Technical Details

I made the parts for my Storrick – Ledbury Jug Handles and Amy Skowronski welded them for me in 2021.

The Jug Handle is 167 mm. tall, 45 mm. wide, 23 mm. thick, and weighs 251 g.

Each ascender is made from 5/16" (7.9 mm.) 1018 carbon steel rod, 1/8" (3.2 mm.) mild steel plate, and a rubber hand grip cut from 5/16" I.D. fuel hose. The top of the ascender is folded so that it will slip over 1/8" (3.2 mm.) steel cable, but not slide down past a crimp on the cable. The guard at the bottom helps keep the cable from fraying one’s slings.


G. A. Ledbury designed these to climb a 3/16" (4.8 mm) steel cable with crimps spaced at 10-12 inch (250-300 mm.) intervals. He published the idea in the Bowline Caving and Climbing Club Journal. It was reprinted in Descent #18, from where I took the images below.

I made mine to climb 1/8" (3.2 mm.) cable, a size commonly used in cable ladders, at least in the U.S.A.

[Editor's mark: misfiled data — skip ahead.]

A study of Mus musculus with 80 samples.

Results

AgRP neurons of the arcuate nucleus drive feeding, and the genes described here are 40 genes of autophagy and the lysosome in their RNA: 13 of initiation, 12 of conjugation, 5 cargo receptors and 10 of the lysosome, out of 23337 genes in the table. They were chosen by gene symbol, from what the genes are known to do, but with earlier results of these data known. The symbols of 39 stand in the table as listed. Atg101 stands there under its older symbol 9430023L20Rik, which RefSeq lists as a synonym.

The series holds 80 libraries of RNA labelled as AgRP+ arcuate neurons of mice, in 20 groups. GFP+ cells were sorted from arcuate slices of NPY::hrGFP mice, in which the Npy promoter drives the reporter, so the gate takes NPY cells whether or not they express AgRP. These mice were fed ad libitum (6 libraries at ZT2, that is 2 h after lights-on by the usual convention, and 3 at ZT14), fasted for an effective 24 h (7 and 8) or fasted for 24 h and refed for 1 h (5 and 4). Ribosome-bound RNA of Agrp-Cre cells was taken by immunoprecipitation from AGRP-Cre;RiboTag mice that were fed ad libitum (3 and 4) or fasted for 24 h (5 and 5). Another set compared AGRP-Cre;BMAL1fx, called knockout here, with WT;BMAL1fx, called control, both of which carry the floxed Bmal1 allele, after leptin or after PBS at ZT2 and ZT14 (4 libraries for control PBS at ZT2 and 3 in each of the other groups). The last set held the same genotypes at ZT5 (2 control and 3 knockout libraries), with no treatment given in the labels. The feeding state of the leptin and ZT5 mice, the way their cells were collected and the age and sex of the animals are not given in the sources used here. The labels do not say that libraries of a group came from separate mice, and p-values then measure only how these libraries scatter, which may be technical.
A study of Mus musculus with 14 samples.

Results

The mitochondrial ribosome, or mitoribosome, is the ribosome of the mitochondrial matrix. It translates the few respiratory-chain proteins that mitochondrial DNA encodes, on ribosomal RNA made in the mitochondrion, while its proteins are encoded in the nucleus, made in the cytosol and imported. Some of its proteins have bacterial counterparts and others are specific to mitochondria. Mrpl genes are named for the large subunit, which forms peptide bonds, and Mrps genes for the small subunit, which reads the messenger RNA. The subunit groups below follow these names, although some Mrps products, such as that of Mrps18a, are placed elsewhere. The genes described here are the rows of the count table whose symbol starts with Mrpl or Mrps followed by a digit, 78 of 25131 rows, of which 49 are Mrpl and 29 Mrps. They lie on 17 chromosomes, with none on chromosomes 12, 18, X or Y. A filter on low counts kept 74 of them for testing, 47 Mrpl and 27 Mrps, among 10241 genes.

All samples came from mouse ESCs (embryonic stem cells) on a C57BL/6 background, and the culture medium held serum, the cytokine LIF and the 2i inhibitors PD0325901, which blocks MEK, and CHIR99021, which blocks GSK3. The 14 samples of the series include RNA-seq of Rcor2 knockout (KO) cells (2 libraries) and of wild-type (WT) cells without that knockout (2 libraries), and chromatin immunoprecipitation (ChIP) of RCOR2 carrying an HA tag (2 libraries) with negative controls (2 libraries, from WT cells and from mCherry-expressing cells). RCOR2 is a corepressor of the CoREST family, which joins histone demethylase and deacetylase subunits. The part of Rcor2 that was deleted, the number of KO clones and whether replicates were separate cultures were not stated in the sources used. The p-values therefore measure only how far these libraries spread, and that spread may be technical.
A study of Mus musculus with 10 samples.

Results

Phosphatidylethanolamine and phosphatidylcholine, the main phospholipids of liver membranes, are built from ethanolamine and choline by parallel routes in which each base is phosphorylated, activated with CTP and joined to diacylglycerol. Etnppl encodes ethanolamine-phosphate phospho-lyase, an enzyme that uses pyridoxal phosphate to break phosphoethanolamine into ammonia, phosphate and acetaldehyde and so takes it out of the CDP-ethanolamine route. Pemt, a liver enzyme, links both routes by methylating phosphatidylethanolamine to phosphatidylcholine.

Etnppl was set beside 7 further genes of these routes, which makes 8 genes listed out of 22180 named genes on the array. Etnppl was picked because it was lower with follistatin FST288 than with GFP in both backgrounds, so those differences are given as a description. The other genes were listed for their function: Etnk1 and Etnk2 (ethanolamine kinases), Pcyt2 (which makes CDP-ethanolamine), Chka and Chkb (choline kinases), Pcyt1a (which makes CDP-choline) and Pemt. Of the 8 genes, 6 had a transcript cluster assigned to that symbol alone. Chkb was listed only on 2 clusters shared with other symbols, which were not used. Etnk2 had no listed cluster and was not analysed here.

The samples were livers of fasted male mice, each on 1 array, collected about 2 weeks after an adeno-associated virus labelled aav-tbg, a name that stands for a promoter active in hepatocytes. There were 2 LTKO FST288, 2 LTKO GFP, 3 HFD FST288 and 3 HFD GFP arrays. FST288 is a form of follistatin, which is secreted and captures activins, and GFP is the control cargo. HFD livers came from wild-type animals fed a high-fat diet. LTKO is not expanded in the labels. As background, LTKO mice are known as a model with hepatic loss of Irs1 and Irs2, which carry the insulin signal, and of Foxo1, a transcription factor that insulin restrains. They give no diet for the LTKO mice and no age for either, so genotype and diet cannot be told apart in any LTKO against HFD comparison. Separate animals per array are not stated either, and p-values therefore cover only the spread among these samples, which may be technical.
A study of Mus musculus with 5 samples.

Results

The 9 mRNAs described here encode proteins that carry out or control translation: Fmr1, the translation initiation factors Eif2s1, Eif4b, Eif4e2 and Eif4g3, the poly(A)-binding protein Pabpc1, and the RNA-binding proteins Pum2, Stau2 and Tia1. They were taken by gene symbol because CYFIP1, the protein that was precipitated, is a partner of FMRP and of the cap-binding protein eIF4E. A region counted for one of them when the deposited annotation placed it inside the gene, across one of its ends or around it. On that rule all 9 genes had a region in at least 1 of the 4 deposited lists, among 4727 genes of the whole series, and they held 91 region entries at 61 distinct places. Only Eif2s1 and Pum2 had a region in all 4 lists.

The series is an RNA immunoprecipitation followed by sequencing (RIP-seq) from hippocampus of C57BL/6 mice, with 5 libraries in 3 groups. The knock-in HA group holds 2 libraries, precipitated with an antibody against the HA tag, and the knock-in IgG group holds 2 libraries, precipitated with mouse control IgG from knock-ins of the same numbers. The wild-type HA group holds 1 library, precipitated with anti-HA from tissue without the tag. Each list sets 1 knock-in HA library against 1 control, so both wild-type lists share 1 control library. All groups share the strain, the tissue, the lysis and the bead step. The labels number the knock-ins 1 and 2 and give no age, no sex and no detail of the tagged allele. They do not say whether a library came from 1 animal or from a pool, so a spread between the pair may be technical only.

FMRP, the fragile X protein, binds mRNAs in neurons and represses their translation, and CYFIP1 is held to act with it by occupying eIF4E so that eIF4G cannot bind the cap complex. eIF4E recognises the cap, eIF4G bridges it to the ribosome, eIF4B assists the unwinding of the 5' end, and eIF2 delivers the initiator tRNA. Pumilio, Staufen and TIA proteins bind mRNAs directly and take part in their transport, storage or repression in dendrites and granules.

I made the parts to assemble a pair, and Amy Skowronski graciously but reluctantly agreed to do the welding for me. Her reaction was, in her words, "Jeezus Gary, I mean, I will, but Jesus who came up with this shit?"

My reaction was milder than Amy’s:

This is one of the scariest and most ridiculous ideas that I've ever seen.

These are not rope ascenders, these are ascenders to climb a steel cable that has crimps on it every foot or so. Think cable and crimps like you see on cable ladders. Think how often cable ladders used to break. Think: you will need a belay to climb with this. Think of the potential for mangled bodies, dead cavers, and a return to uncrowded pits.

The idea of properly testing these fills me with dread, bringing out that tiny remaining bit of common sense called cowardice.

The drawing answers the question, "how it is supposed to be used?," but does not answer the related question, "when it is supposed to be used?" The answer to the "when" question is "when someone wants to die a painful death."

I don't like Ledbury’s suggested rigging, since there is no rest position and nothing but arm strength to keep one from falling backward. My first thought would be to use Thrun’s System #13 (one with chest and foot slings, the other with seat and foot slings), but it will be tiring.

Needless to say, these ascenders never became popular.